Rare earths, also known as rare earth elements, refer to 17 elements on the periodic table that include the lanthanide series from atomic numbers 57, lanthanum (La) to 71, lutetium (Lu), plus scandium (Sc) and yttrium (Y).
 From the name, one may assume that these are “rare,” but in terms of minable years (the ratio of confirmed reserves to annual production) and their density within the earth’s crust, they are actually more abundant than led or zinc.
 By effectively using rare earths, one can expect dramatic changes to conventional technology; changes such as technological innovation through newfound functionality, improvements to durability in structural materials and improved energy efficiency for electronic machines and equipment.


What are Rare-Earths used in?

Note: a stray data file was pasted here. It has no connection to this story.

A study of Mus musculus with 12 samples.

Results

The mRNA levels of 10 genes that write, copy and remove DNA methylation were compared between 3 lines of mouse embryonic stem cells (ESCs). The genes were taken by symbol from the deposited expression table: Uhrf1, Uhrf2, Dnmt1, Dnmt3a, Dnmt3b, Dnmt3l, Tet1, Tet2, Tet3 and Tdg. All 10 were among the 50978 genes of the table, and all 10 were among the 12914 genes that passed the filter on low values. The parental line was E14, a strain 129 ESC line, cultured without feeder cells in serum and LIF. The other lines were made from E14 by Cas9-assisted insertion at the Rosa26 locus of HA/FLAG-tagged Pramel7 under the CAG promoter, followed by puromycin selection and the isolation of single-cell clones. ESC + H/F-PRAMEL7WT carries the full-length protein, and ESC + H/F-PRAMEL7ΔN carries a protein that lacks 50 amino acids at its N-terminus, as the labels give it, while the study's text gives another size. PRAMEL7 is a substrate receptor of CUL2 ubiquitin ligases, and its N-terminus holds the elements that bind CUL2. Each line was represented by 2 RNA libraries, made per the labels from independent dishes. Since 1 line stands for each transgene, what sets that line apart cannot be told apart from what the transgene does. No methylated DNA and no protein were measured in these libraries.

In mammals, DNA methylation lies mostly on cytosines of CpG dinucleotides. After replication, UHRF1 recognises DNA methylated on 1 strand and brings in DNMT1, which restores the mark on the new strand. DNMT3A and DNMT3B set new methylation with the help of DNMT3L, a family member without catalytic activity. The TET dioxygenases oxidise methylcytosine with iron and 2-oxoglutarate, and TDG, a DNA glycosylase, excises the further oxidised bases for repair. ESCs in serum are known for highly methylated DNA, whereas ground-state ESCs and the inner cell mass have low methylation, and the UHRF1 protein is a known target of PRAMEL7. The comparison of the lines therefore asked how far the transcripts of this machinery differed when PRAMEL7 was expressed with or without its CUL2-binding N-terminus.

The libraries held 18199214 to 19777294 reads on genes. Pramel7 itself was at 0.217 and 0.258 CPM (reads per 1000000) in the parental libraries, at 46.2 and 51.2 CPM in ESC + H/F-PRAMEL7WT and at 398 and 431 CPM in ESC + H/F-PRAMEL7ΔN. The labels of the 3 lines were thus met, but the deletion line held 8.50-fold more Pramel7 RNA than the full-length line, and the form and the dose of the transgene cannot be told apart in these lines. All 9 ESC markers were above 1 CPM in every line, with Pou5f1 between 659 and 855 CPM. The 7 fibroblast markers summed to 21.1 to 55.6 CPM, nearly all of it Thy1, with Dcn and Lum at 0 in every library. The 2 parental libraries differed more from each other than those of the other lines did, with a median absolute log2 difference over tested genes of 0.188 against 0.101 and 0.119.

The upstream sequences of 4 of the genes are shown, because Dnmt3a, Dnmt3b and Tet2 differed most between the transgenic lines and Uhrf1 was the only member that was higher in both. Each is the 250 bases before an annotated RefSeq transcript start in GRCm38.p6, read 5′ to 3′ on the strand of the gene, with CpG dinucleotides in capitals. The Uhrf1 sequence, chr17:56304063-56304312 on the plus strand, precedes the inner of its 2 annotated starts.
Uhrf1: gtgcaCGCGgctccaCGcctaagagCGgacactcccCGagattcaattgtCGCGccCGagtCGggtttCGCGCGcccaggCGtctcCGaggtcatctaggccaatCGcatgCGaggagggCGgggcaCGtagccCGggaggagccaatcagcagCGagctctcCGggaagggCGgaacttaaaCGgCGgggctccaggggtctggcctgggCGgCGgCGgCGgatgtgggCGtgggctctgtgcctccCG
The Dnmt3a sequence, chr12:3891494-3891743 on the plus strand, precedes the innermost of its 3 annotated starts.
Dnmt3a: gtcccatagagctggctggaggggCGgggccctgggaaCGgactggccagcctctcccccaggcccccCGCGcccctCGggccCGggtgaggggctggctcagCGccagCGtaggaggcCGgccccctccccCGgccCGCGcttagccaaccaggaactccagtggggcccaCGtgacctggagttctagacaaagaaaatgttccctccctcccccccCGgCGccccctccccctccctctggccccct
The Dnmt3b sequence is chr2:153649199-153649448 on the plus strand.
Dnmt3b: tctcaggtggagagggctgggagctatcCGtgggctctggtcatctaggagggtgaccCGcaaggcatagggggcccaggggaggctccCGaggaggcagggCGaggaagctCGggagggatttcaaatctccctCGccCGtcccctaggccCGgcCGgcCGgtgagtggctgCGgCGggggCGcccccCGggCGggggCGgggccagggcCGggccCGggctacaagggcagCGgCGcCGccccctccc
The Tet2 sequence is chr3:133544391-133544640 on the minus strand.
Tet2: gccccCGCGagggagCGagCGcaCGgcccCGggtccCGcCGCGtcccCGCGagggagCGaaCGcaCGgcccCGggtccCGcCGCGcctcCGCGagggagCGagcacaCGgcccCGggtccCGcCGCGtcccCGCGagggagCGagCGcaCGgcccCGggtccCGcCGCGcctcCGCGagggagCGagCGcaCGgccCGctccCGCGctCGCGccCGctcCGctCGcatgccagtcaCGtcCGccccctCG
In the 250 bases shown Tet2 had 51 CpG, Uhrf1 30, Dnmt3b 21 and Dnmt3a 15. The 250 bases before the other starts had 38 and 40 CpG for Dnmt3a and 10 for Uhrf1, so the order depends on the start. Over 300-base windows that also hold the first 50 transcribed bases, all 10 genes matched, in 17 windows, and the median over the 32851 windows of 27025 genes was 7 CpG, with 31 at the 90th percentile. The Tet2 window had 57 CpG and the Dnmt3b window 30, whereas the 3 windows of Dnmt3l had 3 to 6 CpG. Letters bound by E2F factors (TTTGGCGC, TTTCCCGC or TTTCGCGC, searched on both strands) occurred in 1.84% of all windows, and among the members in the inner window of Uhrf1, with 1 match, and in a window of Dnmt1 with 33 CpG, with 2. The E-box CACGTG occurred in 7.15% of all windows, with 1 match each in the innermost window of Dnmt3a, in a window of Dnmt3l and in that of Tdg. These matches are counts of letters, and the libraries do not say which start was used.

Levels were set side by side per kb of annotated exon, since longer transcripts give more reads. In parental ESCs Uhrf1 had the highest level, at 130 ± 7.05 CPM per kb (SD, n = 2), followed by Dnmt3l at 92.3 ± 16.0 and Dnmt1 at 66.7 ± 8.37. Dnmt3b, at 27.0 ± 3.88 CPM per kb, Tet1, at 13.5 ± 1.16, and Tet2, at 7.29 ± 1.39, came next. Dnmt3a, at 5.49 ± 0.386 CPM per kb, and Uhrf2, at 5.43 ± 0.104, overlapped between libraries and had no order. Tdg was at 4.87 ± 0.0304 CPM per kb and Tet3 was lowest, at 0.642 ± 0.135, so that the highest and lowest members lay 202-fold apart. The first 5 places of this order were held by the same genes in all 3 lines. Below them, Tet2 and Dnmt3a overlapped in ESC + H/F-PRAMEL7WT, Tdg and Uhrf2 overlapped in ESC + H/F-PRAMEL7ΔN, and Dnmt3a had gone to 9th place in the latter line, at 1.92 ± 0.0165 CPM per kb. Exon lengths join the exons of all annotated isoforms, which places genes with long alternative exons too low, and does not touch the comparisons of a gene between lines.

The first industrial usage of rare earths was for the flint in lighters. At that time, the technology for separation and refinement had not been developed, so a mixture of multiple rare earth and salt elements or unaltered misch metal (alloy) was used. 
 From the 1960’s, separation and refinement became possible and the properties contained within each rare earth were made evident. For their industrialization, they were first applied as cathode-ray tube phosphors for colored TVs and on high refractive camera lenses. They have gone on to contribute to reducing the size and weight of computers, digital cameras, audio devices and more through their use in high performance permanent magnets and rechargeable batteries.
 In recent years, they have been gaining attention as a raw material for hydrogen-absorbing alloys and magnetostriction alloys.